Free access to paper on 'Robust estimation of the hierarchical model'

  • Date: 29 April 2019
  • Copyright: Jochen Ranger, Anett Wolgast and Jörg‐Tobias Kuhn

Each week, we select a recently published article and offer either free access or highlight a recent open access publication. This week's is from the British Journal of Mathematical and Statistical Psychology and is available from the February 2019 issue.

Robust estimation of the hierarchical model for responses and response times

Jochen Ranger, Anett Wolgast and Jörg‐Tobias Kuhn

British Journal of Mathematical and Statistical Psychology, Volume 72, Issue 1, February 2019, pages 83-107

DOI: https://doi.org/10.1111/bmsp.12143

thumbnail image: Free access to paper on 'Robust estimation of the hierarchical model'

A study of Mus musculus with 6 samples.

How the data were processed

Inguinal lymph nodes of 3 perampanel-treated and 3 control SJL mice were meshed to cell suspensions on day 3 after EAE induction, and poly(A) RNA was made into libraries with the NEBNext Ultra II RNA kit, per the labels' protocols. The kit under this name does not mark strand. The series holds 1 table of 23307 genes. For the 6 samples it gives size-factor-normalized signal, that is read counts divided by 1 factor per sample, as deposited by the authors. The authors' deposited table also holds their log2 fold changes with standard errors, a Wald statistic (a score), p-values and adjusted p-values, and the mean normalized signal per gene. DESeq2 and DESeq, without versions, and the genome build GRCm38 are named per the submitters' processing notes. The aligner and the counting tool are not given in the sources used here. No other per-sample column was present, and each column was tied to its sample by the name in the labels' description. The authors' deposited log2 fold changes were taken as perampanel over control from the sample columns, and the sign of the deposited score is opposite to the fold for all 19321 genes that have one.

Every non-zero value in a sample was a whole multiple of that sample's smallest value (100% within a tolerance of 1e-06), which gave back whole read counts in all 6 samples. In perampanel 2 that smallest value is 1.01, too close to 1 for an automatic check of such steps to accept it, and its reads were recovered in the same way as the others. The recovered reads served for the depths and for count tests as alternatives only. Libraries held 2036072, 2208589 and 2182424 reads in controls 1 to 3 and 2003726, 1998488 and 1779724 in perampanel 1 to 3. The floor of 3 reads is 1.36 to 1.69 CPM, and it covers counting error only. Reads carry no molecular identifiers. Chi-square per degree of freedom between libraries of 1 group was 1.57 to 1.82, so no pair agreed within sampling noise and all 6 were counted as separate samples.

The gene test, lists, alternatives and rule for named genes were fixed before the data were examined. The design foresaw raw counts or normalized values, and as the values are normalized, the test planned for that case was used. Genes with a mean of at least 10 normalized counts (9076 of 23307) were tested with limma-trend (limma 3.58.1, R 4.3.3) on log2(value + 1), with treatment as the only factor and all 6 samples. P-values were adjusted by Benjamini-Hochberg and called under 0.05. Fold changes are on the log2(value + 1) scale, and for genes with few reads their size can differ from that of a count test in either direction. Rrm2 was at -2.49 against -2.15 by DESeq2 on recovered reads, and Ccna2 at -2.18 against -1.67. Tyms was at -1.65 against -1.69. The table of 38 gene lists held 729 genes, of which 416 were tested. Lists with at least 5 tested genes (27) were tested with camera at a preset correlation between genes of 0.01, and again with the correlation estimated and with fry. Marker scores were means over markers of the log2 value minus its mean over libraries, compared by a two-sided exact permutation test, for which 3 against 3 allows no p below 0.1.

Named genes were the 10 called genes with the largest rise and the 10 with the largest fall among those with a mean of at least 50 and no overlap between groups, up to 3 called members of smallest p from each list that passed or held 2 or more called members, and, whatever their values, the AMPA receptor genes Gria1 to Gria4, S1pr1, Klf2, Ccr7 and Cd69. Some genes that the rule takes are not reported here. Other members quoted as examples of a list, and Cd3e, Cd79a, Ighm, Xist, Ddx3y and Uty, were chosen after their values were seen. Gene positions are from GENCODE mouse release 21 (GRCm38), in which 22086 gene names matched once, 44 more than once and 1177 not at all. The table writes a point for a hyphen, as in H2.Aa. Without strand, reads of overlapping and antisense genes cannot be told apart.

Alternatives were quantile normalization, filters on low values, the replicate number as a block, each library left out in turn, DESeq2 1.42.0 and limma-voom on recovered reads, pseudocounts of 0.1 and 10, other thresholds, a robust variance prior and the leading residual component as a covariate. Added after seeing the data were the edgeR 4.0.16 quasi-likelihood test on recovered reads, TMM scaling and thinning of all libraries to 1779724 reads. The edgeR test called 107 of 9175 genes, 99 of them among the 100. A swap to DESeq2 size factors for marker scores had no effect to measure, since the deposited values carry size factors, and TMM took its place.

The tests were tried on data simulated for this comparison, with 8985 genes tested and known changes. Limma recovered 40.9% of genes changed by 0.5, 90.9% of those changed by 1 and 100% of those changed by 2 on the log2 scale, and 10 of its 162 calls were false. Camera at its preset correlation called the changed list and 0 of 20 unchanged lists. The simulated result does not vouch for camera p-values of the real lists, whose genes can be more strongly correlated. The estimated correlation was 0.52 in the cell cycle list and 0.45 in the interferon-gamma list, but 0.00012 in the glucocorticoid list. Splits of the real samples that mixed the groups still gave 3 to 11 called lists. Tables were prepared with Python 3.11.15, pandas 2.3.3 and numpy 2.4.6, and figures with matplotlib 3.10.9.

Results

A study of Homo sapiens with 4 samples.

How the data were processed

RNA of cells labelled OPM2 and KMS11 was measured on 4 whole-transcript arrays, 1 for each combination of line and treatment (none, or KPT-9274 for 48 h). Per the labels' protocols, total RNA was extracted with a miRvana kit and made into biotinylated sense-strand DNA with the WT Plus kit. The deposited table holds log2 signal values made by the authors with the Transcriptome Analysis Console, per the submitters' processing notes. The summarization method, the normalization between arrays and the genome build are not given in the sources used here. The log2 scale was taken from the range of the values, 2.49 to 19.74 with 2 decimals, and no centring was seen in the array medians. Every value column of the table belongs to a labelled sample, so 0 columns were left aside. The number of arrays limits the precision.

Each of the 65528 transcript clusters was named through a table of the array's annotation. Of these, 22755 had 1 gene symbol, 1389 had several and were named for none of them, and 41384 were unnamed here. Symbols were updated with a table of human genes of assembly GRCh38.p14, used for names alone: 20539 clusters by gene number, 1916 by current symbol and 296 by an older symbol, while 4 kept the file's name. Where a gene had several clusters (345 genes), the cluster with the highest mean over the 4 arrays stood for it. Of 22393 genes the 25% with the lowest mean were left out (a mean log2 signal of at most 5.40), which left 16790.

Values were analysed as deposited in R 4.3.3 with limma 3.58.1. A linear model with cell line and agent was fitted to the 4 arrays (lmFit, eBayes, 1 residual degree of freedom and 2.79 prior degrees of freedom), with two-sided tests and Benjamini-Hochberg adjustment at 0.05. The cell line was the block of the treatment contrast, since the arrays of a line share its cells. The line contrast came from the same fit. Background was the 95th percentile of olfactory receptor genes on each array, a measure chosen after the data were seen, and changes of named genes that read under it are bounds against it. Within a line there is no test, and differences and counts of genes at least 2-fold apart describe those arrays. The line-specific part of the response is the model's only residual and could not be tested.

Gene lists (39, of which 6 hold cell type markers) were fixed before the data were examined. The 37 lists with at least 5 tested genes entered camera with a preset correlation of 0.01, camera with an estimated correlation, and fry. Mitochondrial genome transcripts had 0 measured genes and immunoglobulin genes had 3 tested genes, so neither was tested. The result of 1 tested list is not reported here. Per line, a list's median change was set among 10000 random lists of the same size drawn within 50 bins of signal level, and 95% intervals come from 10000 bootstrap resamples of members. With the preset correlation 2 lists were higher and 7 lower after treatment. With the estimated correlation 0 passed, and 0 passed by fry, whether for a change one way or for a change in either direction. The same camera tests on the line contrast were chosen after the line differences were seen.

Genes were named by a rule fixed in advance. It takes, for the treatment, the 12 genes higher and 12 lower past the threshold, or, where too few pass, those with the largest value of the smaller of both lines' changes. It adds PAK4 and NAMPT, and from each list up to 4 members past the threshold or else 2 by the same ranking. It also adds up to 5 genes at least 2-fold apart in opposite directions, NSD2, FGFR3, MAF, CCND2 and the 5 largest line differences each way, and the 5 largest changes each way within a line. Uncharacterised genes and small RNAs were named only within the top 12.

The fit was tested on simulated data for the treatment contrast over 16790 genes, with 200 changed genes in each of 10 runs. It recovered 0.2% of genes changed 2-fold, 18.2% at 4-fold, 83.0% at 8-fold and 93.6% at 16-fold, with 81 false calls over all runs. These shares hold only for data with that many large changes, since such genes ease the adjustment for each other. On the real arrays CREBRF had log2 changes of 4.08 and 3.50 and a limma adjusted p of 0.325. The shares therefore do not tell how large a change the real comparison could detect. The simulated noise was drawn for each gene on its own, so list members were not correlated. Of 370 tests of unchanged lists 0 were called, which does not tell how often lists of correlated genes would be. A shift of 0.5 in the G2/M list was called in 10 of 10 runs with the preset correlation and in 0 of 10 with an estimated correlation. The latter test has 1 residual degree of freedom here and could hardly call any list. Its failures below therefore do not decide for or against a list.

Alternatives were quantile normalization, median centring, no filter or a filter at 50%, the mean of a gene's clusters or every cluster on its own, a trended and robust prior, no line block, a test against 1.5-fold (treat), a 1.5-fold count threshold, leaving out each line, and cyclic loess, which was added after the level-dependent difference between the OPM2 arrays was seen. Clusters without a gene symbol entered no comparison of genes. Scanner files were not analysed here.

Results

Van der Linden's (2007, Psychometrika, 72, 287) hierarchical model for responses and response times in tests has numerous applications in psychological assessment. The success of these applications requires the parameters of the model to have been estimated without bias. The data used for model fitting, however, are often contaminated, for example, by rapid guesses or lapses of attention. This distorts the parameter estimates. In the present paper, a novel estimation approach is proposed that is robust against contamination. The approach consists of two steps. In the first step, the response time model is fitted on the basis of a robust estimate of the covariance matrix. In the second step, the item response model is extended to a mixture model, which allows for a proportion of irregular responses in the data. The parameters of the mixture model are then estimated with a modified marginal maximum likelihood estimator. The modified marginal maximum likelihood estimator downweights responses of test‐takers with unusual response time patterns. As a result, the estimator is resistant to several forms of data contamination. The robustness of the approach is investigated in a simulation study. An application of the estimator is demonstrated with real data.